May is AAPI Heritage Month
May is AAPI Heritage Month, and recognizes the contributions and influence of Asian Americans and Pacific Islander Americans to the history, culture, and achievements of the United States. The reason May was chosen comes back to two important dates; May 7 and May 10. May 7, 1843, marks the arrival of the first Japanese immigrants to the United States. And May 10, 1869, or Golden Spike Day, recognizes the completion of the first transcontinental railroad in the U.S., which had significant contributions from Chinese workers. CALS will have events throughout the system to celebrate the month and the heritage. The EOA has created an AAPI Scavenger Hunt (download here). Grace M. Cho’s memoir, Tastes Like War, is available May 3-17 for the Big Library Read, meaning there are no download limits through Libby so that everyone can read the book together! We highly recommend you check it out. You may already be familiar with Cho who was a speaker back in February through the Library Speaker Consortium.
Tuesday STEAM Teens –Nainoa Thompson and the Science of Wayfinding on Tuesday, May 2 (First Tuesday of Month)
Description: Discover how Native Hawaiian Nainoa Thompson used math to reconstruct the lost Polynesian technique of the star compass. Make your own sextant and compass as we explore different navigation tools used throughout history.
Asian and Pacific Islanders children’s story-time on Wednesday May 10th at 10am (for ages 2-3) and at 11:30am (for ages 4-5). We will be decorating traditional fans from all a variety of AAPI countries.
Tuesday STEAM Teens :–Dr. Peter Tsai and the power of N95 on Tuesday, May 16 (Third Tuesday of the Month), Homeschool Edition: 2:30PM | After-School Edition 4:00 PM. Learn how scientific contributions of Asian-Americans like Dr. Peter Tsai, inventor of the N95 mask, have kept us safe. Conduct experiments to demonstrate N95’s electrostatic power and test its efficacy against cloth and surgical masks.
Japanese Daruma Dolls & Internment Camps in Arkansas on Thursday, May 18 , 4:00 PM. Make a Daruma Doll, a traditional Japanese wobble toy that symbolizes luck and perseverance. Learn about the history of Japanese-American Internment Camps in Arkansas.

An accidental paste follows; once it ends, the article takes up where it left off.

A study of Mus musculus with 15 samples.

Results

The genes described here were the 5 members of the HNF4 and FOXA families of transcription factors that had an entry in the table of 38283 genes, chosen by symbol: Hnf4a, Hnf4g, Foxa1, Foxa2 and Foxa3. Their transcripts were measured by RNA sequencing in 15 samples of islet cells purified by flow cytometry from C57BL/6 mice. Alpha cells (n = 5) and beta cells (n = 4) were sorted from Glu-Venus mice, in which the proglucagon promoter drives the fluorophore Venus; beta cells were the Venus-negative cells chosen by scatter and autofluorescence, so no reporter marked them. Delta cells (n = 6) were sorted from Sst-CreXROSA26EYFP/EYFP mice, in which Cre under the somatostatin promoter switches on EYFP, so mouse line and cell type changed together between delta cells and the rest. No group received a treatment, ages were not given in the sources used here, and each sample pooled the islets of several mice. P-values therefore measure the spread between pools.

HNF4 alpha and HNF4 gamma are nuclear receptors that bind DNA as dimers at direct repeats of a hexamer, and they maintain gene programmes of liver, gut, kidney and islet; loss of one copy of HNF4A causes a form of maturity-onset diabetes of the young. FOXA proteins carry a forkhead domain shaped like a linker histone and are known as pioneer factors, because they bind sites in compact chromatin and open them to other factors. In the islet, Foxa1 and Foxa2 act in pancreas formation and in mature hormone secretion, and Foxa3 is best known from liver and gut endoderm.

Tuesday, May 9th @ 6pm – Adult Craft Night- Make a traditional, Japanese style-herbarium & learn about foliage’s symoblic meanings in Japanese culture.
Tuesday, May 23rd @ 6pm- Adult Cooking Class – Make traditional Chinese dishes in our teaching kitchen!
Tuesday, May 30th @ 6pm- Bitter Sacrifices w/ Heather Zbinden from Roberts Library. Bitter Sacrifices: The Experiences of Japanese Americans in World War II Arkansas through Art & Writing — Between 1942 and 1945, over 16,000 Japanese Americans were incarcerated behind barbed wire in two War Relocation Authority Centers at Rohwer and Jerome, Arkansas. Inmates – from high school students to elderly hobby artists – created an artistic legacy and documented their experience using charcoal, watercolor, and pencil. Learn about this important history and the effects of this dark chapter in Arkansas.
“Suminagashi Workshop” which will take place on May 13, from 2-3:30 on the fifth floor. It’s an ancient marbling technique that originated in Japan.
Suminagashi is a Japanese form of marbling which can be translated to “floating ink”. Create a beautiful one-of-a-kind marbled work of art using water, ink, and various types of paper. Registration is required and space is limited. Email email@example.com to register.
Rohwer and Jerome: Japanese American WWII Incarceration Camps in Arkansas
Friday, March 10, through Saturday, June 24
Between 1942 and 1945, over 16,000 Japanese Americans were incarcerated at Rohwer and Jerome, Arkansas. Inmates of all ages documented their experience using charcoal, watercolor, and pencil. The CALS Roberts Library is mounting the first large-scale exhibition of the Gould/Vogel Collection since 2018.
To schedule a guided tour of the exhibition for groups of 10 or more, please contact Heather Zbinden at firstname.lastname@example.org.
View images from the Rosalie Santine Gould-Mabel Jamison Vogel collection here.
Suzanne Park, a Korean American, will be speaking on her book, The Do Over, on May 18 at 6:30 p.m. This event is presented virtually but requires registration.
Ronnie Woo , an Asian American chef will be speaking on his book, Did You Eat Yet? as part of the Six Bridges Presents programming. His event is June 1 at 6:30 p.m. (just after AAPI Heritage month, but we think it still counts!) This event will also be presented virtually and requires registration.